Handling OPTIONS requests in rust using Rocket, with CORS

In setting up a couple of endpoints using Rocket (written in rust), I was able to easily get up the GET and POST handlers that I needed. These worked fine with all my testing in Postman.

However, when it came to real world testing, the browser was getting blocked due to CORS. So I found this Stack Overflow article, and was able to implement the CORS headers based off that:


This worked. Up to a point.

That point was the browser sending a preflight OPTIONS request, which is neither a GET or a POST. After floundering around with various efforts, such as trying to put a wildcard #[options()] handler (which never got picked up by the compiler for some reason; kept getting the message that the following function was unused), and so on, I finally landed on the solution.

Taking the recommended implementation of on_response():

fn on_response(&self, request: &Request, response: &mut Response) {
   response.set_header(Header::new("Access-Control-Allow-Origin", "<em>")); 
   response.set_header(Header::new("Access-Control-Allow-Methods", "POST, GET, PATCH, OPTIONS")); 
   response.set_header(Header::new("Access-Control-Allow-Headers", "</em>"));
   response.set_header(Header::new("Access-Control-Allow-Credentials", "true"));

All that was needed was to add a few lines:

async fn on_response<'r>(&self, request: &'r Request<'_>, response: &mut Response<'r>) {
	response.set_header(Header::new("Access-Control-Allow-Origin", "*"));
	response.set_header(Header::new("Access-Control-Allow-Methods", "GET, POST, OPTIONS"));
	response.set_header(Header::new("Access-Control-Allow-Headers", "Content-Type"));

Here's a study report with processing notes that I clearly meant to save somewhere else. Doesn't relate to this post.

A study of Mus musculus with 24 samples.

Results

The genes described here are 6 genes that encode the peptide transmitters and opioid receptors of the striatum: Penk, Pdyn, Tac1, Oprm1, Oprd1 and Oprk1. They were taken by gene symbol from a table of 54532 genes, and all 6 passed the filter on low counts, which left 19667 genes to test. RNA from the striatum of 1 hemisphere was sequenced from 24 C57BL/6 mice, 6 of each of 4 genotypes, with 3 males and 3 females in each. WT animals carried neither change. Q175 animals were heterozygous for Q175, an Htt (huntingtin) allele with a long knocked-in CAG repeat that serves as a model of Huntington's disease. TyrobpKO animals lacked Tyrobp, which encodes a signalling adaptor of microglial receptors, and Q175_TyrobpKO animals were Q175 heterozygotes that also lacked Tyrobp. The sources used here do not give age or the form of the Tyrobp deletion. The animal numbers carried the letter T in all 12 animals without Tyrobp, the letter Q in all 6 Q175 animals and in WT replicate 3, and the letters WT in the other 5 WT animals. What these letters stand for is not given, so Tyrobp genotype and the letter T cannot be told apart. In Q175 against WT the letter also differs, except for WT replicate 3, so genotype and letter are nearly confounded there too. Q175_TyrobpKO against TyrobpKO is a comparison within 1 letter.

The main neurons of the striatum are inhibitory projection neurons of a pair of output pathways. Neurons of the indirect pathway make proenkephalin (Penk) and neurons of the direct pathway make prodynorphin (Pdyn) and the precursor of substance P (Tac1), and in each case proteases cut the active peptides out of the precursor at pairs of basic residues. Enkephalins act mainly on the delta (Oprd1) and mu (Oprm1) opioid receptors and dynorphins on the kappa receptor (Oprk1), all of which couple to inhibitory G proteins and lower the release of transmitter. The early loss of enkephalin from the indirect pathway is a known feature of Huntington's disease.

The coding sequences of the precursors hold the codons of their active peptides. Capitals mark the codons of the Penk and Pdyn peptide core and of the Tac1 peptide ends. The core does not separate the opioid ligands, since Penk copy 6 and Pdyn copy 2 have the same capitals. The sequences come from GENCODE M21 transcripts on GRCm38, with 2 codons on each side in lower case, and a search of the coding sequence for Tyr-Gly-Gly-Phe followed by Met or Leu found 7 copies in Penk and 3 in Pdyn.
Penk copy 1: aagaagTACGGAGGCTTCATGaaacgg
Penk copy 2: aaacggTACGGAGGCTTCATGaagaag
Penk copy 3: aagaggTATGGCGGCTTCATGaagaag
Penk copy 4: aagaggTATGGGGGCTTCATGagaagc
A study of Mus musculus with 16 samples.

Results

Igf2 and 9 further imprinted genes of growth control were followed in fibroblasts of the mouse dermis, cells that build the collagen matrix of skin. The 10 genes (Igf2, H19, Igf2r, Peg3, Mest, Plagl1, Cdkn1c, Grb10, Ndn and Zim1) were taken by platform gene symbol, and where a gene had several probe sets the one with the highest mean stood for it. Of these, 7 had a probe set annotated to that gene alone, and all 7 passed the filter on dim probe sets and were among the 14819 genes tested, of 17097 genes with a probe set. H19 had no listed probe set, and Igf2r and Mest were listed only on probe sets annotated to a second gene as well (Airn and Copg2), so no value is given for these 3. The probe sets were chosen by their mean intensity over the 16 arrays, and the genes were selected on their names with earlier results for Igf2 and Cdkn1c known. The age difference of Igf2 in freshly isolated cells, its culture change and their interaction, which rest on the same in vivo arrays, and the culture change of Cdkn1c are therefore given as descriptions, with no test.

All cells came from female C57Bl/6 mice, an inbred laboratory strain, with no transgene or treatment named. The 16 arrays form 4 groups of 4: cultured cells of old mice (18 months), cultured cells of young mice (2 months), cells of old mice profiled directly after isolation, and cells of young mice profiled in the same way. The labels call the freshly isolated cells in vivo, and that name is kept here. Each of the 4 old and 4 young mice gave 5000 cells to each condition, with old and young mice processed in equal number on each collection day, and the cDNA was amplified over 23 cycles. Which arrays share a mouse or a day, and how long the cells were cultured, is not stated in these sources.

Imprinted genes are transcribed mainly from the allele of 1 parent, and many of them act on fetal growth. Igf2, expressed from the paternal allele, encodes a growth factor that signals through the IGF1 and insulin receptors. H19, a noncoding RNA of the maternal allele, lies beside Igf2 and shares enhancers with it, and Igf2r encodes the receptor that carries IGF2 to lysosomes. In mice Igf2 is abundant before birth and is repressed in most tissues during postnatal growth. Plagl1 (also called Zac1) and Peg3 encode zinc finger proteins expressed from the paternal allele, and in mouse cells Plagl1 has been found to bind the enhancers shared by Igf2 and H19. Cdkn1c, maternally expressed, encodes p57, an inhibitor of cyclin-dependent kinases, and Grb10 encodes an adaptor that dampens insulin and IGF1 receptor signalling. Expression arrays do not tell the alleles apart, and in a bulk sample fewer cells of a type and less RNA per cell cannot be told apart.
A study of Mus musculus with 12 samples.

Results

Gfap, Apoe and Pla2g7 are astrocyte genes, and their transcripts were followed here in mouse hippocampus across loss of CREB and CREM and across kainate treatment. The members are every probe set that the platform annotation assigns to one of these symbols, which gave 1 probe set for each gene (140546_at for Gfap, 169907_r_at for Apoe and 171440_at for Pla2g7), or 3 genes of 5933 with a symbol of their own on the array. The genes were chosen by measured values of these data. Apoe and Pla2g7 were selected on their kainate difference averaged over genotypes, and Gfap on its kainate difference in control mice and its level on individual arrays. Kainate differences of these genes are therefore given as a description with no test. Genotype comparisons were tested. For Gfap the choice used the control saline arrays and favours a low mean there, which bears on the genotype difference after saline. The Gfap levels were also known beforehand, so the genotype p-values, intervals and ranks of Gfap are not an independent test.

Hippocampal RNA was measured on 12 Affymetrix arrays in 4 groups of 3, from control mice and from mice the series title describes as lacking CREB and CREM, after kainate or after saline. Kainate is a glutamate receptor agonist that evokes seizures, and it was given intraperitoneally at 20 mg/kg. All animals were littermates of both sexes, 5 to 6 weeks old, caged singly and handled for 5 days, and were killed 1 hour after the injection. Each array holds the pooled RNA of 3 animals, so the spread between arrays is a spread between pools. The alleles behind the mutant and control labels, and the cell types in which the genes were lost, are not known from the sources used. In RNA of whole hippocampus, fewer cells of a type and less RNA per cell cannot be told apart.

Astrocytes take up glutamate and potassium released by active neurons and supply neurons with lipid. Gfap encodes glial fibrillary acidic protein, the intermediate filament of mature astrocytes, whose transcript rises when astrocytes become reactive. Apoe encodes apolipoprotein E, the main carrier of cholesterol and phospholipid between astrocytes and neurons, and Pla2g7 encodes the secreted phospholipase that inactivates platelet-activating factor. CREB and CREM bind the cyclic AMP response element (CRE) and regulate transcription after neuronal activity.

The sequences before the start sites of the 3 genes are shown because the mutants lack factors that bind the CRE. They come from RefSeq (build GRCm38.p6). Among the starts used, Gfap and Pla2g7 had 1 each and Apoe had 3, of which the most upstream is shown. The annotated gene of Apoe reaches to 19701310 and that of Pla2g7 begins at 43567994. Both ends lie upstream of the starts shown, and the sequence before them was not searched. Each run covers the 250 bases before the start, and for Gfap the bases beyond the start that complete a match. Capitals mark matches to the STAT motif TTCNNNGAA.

response.set_header(Header::new("Access-Control-Request-Method", "GET, POST, OPTIONS"));
	if request.method() == Method::Options {
		let body = "";
		response.set_sized_body(body.len(), std::io::Cursor::new(body));

This worked to get the proper headers in place, and also overcome the 404 errors. The 404 errors were coming because I had no explicit #[options()]; route handler in place – they just weren’t taking for some reason, as mentioned above. So the last line, response.set_status(Status::Ok); is what fixed that problem. This allowed the client to send an Options preflight request, which Rocket responded to with all the right bits, and without a 404 status coming back.

And to cut down on the length of messages about these requests in the shell, I implemented a catcher too, which are still present, due to the missing route handler:

fn not_found(req: &Request<'_>) -> String {
	if req.method() == Method::Options {
		return "".to_string();
	format!("Sorry, '{}' is not a valid path.", req.uri())

Attach the handler, and, bang! we’ve got a working set of endpoints handling CORS requests, with preflight Options requests. Rust with Rocket is very performant too – a release build responds with an average time of 63 milliseconds, most of which is probably the database query time.